Brooklyn-based food & event photographer Clay Williams brings his discerning eye to some of the world’s most celebrated publications. Now he’s talking to The Best Of Everything New York (TBOENY) about his professional journey thus far and the importance of co-creating Black Food Folks.
What started as a “release from the office world” has evolved into capturing food-related moments for The New York Times, Wall Street Journal, and James Beard Foundation. Whether it’s a talented chef plating a meal, a server delivering a main course, or a mixologist concocting a masterpiece, Clay Williams puts himself in the perfect positions to see detail and nuance that otherwise might go unnoticed.
Over a decade ago, Clay found himself working in media IT along with pursuing his passions of food and photography. He spent lunch hours on the streets of midtown Manhattan snapping shots of food trucks while his weekends were filled with butchering sessions and his own food experimentation. “If you really love something you will put in the work to get better,” Clay says. He knew this was something he wanted to do longterm and taking time to understand all the moving parts of the food service industry was necessary.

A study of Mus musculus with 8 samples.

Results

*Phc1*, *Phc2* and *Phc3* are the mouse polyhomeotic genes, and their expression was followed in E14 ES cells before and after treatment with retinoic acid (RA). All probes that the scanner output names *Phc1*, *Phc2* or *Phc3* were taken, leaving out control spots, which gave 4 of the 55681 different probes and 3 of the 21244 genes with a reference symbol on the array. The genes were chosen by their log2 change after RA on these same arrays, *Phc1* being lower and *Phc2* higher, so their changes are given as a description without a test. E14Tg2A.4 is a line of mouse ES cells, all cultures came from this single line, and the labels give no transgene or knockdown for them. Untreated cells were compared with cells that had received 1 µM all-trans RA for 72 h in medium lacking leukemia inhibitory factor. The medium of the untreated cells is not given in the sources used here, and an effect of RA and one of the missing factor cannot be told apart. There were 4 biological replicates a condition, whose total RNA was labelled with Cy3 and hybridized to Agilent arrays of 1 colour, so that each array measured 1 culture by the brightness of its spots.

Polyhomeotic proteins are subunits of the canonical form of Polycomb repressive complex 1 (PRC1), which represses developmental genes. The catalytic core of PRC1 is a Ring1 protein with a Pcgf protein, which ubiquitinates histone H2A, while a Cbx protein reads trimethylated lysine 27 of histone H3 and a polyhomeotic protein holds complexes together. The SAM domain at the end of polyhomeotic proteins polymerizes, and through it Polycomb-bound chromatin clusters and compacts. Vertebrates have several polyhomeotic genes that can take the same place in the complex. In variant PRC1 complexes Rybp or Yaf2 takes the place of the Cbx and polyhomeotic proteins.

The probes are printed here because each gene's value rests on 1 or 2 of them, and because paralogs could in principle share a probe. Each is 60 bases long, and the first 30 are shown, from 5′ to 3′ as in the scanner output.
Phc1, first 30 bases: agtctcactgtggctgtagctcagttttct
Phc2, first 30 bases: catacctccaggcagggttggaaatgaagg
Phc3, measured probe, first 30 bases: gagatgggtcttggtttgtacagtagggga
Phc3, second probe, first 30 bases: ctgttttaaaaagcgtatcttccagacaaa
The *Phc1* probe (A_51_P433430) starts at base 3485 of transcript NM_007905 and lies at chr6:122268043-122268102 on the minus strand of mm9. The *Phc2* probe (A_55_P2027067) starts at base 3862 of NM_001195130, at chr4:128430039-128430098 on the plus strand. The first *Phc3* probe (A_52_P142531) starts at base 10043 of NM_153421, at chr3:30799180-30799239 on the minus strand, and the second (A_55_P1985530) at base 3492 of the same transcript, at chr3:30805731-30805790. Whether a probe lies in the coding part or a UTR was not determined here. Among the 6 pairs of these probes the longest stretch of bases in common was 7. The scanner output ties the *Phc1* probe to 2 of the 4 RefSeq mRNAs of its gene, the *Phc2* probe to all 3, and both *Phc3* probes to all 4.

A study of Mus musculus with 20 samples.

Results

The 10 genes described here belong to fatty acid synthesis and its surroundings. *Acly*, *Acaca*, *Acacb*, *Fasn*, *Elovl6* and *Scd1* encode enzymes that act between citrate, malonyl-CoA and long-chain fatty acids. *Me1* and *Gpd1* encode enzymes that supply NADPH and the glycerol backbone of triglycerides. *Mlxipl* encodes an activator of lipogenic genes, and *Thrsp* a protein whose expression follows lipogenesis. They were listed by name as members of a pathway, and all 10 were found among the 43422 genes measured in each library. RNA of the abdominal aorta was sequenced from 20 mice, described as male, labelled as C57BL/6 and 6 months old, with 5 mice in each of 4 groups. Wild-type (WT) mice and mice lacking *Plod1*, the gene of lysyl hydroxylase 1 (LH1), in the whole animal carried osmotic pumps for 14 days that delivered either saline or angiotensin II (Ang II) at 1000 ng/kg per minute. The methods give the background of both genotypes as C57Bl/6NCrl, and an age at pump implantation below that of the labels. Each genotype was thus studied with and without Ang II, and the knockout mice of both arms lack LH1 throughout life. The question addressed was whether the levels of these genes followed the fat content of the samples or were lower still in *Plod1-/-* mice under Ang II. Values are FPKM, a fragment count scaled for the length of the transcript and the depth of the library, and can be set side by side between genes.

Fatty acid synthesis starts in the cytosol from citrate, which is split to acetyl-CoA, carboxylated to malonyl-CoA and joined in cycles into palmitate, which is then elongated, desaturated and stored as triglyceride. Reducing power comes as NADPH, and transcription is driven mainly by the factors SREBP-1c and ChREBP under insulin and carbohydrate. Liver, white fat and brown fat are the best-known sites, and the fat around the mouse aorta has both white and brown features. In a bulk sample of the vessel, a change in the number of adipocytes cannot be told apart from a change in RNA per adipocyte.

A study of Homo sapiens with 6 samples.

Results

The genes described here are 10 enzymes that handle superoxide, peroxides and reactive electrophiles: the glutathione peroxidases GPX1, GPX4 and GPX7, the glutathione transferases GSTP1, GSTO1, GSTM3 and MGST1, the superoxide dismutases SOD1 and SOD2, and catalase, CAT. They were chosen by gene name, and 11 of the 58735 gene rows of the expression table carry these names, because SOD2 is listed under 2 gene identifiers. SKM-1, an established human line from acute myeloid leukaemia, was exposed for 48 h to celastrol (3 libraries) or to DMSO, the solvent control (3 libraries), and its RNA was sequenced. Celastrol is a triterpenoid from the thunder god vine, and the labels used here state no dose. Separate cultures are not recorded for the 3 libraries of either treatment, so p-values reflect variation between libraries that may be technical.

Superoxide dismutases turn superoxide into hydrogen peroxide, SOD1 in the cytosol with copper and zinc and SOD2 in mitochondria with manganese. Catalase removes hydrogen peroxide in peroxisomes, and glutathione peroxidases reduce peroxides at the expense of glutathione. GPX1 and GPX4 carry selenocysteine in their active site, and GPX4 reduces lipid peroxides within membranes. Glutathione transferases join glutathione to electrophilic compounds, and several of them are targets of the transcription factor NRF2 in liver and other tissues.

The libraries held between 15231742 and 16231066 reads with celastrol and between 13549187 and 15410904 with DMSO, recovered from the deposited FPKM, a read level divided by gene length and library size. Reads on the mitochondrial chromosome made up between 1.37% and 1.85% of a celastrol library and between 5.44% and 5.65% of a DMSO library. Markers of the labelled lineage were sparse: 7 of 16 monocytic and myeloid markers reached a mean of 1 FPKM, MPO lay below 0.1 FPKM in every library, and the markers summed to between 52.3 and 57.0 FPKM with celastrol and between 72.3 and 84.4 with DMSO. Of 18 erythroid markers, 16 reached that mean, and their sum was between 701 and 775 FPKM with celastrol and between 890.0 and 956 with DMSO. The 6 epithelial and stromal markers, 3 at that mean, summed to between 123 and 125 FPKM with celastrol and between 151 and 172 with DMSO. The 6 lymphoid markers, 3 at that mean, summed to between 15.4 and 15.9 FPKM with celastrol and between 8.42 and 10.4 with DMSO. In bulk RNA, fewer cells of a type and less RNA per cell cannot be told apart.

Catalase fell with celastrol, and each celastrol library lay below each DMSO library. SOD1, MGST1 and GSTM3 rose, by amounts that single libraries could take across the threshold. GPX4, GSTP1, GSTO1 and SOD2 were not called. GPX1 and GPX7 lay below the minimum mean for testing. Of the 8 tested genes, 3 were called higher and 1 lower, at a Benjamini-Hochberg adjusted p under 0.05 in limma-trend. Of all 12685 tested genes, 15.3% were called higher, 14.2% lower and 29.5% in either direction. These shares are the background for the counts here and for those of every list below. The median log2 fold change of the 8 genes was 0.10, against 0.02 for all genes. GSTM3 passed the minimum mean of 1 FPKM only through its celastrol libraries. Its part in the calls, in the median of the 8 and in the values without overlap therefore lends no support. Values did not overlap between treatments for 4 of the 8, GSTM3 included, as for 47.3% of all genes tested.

Clay’s photos bring truth to their subjects. They portray actions and items in a realistic manner, almost like a documentary. Clay is passionate about his pictures telling an interesting story. He sets the scene, with minimal staging, and puts himself in place to snap just the right moments. Some of his experiences have been documented in the books 111 Rooftops In New York That You Must Not Miss and 111 Places in Queens That You Must Not Miss.
In 2019, Clay co-founded Black Food Folks with fellow culinary professional, Colleen Vincent. What started as a conversation about self expression and representation has grown into a platform that supports black excellence and contribution in food and beverage. With networking events, IG Live/Zoom Sessions, and robust social media, Black Food Folks has become a community hub that amplifies black voices. They are thriving through COVID-19 due to their masterful online presence and they look to keep that momentum going into next year..
Clay hopes that Black Food Folks will continue to bring people together post COVID-19. He also looks forward to shooting in-person events and getting back to the restaurants and bars around New York that he loves. Check out some of Clay’s favorite spots and follow him on instagram:
Best New York Bar: Quarter Bar in Sunset Park, Bklyn. Neighborhood watering hole with a comfy backyard garden.
Best New York Museum: International Center of Photography Museum in downtown Manhattan. Fantastic exhibits.
Best New York Park: Sunset Park in Brooklyn. Unique vantage point where one can see from Newark Airport all the way up to the Chrysler building, including a great of of the Statue of Liberty.